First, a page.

U.S. ambassador to Libya, Christopher Stevens, along with two other Americans, were killed Tuesday night at the U.S. consulate in Benghazi. A group of about twenty militants stormed the consulate wielding automatic weapons and rocket-propelled grenades. The militants were chanting, ‘We are all Osama,’ in memory of the slain terrorist. They were protesting a low-budget film being produced in California called, “Innocence of Muslims,” which is a satire of the life of the Islamic prophet Muhammad.
A few days ago, in response to the film, several protestors in Egypt scaled the walls of the U.S. embassy and tore down the American flag. U.S. embassies were then issued warnings to be aware of potential attacks. No one was expecting the magnitude of what happened at the U.S. consulate in Libya on Tuesday night. Secretary of State Clinton asked, “How could this happen in a country we helped liberate and in a city we helped save from destruction.” Egypt and Libya are currently trying to deal with the turmoil that has followed the ousting of their longtime dictators just last year.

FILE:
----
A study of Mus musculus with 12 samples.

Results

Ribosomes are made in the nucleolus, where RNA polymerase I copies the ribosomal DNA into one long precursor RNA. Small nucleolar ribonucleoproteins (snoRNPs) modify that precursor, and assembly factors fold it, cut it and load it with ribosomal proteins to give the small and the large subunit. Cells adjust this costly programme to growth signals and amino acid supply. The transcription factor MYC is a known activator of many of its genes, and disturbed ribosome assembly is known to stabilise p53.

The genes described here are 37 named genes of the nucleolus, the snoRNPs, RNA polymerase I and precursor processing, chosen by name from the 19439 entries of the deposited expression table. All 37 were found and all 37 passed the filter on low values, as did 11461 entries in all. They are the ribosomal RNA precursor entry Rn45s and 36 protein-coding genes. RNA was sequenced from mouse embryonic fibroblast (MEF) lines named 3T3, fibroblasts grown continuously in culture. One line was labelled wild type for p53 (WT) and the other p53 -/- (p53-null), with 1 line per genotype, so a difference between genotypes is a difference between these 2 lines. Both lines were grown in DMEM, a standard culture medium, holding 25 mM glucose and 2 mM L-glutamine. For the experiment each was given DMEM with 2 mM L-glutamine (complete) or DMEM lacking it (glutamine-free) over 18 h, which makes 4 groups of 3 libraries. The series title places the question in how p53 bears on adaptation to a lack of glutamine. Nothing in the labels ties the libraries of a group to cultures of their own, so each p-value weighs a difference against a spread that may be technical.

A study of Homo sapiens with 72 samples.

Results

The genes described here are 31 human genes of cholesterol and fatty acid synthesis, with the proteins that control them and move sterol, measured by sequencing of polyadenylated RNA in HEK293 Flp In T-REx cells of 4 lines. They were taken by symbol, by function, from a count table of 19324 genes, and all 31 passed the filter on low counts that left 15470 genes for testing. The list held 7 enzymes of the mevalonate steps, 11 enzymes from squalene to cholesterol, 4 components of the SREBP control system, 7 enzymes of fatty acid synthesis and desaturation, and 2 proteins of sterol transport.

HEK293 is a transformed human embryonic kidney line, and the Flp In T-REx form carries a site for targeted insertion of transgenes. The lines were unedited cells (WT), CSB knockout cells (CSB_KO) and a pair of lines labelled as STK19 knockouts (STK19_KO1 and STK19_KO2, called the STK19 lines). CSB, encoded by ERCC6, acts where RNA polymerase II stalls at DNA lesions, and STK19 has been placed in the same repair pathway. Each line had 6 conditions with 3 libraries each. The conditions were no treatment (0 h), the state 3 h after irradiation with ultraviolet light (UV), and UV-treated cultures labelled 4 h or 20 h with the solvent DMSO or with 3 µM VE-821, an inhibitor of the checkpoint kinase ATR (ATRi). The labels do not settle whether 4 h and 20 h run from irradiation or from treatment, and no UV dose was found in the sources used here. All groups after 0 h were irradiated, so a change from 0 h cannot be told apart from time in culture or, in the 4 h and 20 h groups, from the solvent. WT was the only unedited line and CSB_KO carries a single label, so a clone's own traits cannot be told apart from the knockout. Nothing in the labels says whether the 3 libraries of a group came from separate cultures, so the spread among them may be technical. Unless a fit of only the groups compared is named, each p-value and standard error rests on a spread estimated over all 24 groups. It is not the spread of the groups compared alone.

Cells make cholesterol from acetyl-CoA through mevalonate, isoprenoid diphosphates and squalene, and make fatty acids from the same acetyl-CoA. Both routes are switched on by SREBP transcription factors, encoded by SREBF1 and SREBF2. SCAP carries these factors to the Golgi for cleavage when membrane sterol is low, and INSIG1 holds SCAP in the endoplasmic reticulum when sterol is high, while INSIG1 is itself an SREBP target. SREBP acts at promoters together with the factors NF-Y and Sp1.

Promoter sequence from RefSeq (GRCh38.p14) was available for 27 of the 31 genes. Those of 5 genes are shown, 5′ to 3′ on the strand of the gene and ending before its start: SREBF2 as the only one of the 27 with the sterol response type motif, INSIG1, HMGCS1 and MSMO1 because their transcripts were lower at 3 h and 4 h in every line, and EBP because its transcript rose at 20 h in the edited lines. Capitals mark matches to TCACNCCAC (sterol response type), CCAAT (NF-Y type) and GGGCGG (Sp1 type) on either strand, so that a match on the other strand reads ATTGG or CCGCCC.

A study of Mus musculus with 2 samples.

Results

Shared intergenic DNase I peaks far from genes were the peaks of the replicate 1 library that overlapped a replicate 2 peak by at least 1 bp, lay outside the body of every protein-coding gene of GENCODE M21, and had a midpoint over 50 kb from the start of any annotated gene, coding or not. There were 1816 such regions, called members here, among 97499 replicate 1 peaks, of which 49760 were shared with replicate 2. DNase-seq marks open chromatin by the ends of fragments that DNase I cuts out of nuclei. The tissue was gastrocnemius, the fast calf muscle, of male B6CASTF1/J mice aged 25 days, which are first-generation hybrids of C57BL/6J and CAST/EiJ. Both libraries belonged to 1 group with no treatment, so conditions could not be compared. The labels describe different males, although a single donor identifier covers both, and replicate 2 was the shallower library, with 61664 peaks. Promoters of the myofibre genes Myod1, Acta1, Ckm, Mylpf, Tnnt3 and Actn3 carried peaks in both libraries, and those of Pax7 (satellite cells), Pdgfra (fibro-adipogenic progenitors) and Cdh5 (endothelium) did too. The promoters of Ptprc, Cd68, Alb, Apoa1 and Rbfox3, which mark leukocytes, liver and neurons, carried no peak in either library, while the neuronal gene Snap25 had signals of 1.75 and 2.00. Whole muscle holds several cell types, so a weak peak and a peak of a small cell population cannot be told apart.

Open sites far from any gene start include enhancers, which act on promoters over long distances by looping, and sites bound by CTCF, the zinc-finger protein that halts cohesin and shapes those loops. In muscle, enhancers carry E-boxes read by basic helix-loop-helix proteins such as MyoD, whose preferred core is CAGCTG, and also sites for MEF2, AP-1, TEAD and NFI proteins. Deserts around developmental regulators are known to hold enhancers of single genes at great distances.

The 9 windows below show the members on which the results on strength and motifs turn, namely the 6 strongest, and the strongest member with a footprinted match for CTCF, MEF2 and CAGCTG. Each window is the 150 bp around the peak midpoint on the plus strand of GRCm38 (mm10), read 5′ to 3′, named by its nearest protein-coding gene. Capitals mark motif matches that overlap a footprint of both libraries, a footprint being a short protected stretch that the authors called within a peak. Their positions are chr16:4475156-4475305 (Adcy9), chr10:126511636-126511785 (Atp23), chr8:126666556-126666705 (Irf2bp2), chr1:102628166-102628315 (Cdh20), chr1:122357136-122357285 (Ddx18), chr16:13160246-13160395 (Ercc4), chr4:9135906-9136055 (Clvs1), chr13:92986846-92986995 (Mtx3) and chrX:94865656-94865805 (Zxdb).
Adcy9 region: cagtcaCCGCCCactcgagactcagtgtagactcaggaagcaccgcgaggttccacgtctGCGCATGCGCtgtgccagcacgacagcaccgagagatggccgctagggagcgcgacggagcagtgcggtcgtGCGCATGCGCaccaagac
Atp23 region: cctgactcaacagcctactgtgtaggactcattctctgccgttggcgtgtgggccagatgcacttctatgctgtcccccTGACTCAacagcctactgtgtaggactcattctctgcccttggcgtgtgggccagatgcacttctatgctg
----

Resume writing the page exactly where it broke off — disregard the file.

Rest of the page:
Stevens was the first U.S. ambassador killed in the line of duty in over 30 years. Unfortunately, senior U.S. officials feel that more attacks could be just around the corner. President Obama has promised that justice will be served, and has increased security at U.S. diplomatic posts around the world. The U.S. has deployed a team of Marines to safeguard Americans in Libya, and sources told CNN that unmanned drones will be sent over the skies of Libya to search for jihadi camps.
The group suspected of the attack that resulted in the death of Stevens is called Ansar al Sharia, a Libya based group with an ideology similar to al Qaeda. The group has denied responsibility, but Libyan President Mohammed Yussef Magariaf has pledged his government’s full cooperation to bring the culprits to justice.
What do you think will happen in response to these recent events? How do you think the U.S. should respond to this and to future attacks on U.S. consulates? How far can the U.S. push the limit regarding the security of its ambassadors in foreign countries and in investigating attacks in these nations without violating international law? This attack has brought several foreign policy issues to the forefront, and GOP candidate Romney wasted no time in taking his stance. To what extent can this tragic attack affect the upcoming election?